Problems with church planting: Too many farmers

The move to focus on church planting strikes me as a massive welfare to work program for the newly minted pastors that SBC seminaries are churning out by the busload. All those pastors need to find jobs in order to pay off their student loans and make a living. The only market with a demand for their skills are the church businesses. And since there aren’t enough existing churches to meet the supply, in fact the demand is decreasing, the only other alternative to lessening the supply (which would mean discouraging people from pursuing theological degrees in the hopes of being employed in a clergy capacity) is to try and salt the market.

This means pastors are expected to become entrepreneurs and start new businesses in risky markets in hopes that demand will follow supply is strikingly similar to what Starbucks tried to do through their opening of hundreds of stores, many times in close proximity to one another, and having them basically fight for survival. I’m sure Starbucks considers the fraction of stores that managed to survive on razor thin profit margins a net gain. But at what cost in both capital as well as manpower? For each store that succeeds you have to factor in the numerous stores that failed in order to get a more accurate understanding of the costs incurred. This, of course, assumes that growth, indeed exponential growth in many cases, is required and not optional. It is. Other business models, specifically that of Chick-fil-A show us that real success comes through careful observation of the market, self-assessment, planning, and implementation. Chick-fil-A doesn’t plant very many stores compared to other businesses in their industry, but the ones they plant have a much higher chance of being successful and self-sufficient.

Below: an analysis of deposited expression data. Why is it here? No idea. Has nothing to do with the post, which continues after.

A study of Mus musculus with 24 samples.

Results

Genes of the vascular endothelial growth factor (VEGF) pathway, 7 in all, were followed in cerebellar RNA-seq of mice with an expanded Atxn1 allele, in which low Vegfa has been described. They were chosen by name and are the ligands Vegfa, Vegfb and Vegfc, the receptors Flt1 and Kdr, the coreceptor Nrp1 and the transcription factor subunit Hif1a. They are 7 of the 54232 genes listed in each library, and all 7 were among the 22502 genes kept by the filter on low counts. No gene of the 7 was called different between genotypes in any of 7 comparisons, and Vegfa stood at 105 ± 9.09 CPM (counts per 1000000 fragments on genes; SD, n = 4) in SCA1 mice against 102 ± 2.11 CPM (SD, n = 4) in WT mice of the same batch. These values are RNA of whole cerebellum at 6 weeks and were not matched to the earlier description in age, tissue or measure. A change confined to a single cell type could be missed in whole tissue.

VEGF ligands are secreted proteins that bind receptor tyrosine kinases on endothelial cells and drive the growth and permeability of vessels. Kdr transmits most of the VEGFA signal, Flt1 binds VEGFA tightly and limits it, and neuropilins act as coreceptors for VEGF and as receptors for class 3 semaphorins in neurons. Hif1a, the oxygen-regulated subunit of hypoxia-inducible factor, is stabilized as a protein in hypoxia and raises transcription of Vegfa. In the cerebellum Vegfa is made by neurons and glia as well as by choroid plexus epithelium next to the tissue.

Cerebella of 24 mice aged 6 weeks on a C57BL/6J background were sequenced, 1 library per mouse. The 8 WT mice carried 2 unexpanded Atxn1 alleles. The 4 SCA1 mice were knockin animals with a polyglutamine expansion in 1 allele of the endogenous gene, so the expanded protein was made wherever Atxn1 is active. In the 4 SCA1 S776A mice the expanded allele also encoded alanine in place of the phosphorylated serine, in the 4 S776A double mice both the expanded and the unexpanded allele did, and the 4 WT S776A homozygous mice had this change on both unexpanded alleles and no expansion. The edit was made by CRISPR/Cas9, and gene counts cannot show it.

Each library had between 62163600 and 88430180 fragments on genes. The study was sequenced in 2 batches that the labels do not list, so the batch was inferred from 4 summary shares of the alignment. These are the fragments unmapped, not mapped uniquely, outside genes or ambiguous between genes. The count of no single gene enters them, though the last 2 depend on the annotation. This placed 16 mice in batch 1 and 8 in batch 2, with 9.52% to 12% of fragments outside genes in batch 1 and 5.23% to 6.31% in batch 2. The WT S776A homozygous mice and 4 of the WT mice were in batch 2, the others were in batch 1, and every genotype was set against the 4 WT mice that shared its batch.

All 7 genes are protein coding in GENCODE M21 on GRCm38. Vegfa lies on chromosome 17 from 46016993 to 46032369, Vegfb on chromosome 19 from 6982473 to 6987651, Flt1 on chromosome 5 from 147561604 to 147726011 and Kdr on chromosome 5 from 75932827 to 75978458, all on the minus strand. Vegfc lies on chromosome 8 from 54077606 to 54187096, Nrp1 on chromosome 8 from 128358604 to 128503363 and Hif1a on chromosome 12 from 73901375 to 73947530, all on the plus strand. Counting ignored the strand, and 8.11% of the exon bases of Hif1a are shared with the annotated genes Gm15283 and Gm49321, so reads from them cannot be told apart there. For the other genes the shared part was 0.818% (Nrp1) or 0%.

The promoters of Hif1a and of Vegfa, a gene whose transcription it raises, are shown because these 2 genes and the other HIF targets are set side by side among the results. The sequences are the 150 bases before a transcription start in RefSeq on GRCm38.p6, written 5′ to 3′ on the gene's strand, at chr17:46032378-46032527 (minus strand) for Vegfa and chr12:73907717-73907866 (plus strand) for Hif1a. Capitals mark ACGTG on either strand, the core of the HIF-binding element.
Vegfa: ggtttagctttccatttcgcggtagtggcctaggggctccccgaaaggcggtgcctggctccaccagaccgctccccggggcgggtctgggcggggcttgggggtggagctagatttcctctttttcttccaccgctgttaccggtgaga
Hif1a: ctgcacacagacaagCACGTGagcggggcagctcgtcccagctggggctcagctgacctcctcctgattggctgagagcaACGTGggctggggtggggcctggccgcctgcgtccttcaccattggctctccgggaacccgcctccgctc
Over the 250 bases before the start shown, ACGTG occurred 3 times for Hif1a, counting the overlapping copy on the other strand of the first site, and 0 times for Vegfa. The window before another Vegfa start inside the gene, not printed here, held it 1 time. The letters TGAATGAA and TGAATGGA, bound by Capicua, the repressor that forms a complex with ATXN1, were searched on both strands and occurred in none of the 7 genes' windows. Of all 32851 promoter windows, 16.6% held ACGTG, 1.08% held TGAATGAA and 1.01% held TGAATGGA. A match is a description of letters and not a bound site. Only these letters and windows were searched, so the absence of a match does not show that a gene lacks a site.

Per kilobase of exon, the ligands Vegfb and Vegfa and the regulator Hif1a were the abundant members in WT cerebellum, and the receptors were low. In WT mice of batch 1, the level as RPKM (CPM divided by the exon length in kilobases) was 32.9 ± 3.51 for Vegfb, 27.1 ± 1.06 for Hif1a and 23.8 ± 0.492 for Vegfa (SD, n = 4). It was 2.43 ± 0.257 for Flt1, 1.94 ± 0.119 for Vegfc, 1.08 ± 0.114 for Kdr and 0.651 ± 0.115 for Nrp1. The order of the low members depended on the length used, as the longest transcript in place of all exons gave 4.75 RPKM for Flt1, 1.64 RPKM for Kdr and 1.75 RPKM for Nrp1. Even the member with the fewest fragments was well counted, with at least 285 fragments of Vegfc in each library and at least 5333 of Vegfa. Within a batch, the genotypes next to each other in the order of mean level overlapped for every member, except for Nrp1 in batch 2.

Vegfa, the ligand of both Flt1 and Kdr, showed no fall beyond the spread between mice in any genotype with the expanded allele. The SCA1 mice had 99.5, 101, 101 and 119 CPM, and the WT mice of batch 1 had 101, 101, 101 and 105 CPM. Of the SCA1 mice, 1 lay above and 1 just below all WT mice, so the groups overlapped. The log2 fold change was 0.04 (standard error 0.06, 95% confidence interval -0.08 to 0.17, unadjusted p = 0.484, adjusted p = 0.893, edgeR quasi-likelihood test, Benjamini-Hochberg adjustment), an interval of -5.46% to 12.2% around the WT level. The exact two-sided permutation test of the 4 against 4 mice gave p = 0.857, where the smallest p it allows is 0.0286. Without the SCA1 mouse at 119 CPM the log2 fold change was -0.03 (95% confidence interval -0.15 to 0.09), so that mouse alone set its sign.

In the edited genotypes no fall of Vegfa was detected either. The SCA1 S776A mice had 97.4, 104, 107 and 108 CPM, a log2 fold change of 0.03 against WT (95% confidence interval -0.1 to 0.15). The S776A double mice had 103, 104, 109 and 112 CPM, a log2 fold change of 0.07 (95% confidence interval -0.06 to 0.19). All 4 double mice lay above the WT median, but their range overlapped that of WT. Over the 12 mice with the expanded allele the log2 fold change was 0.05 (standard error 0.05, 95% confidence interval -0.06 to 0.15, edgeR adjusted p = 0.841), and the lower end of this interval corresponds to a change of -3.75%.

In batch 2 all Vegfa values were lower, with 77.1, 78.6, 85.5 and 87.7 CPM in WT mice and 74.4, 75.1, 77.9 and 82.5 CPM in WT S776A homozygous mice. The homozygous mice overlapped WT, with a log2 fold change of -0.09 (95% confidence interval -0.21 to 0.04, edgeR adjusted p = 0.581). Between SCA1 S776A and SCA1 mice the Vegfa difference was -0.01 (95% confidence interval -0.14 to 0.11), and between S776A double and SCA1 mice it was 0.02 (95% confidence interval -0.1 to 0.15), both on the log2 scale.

By contrast, it is a widely known and accepted fact that the vast majority of church plants fail in less than 5 years. And even though it is never a pleasant circumstance when a business fails, it is even more tragic when the business that fails is headed by someone fresh out of seminary, sporting large personal and business debts. What I find mildly amusing is that the SBC condemns gambling (and drinking) and yet it seems hell bent on putting the unfortunate pastoral entrepreneur on the fast track to doing both.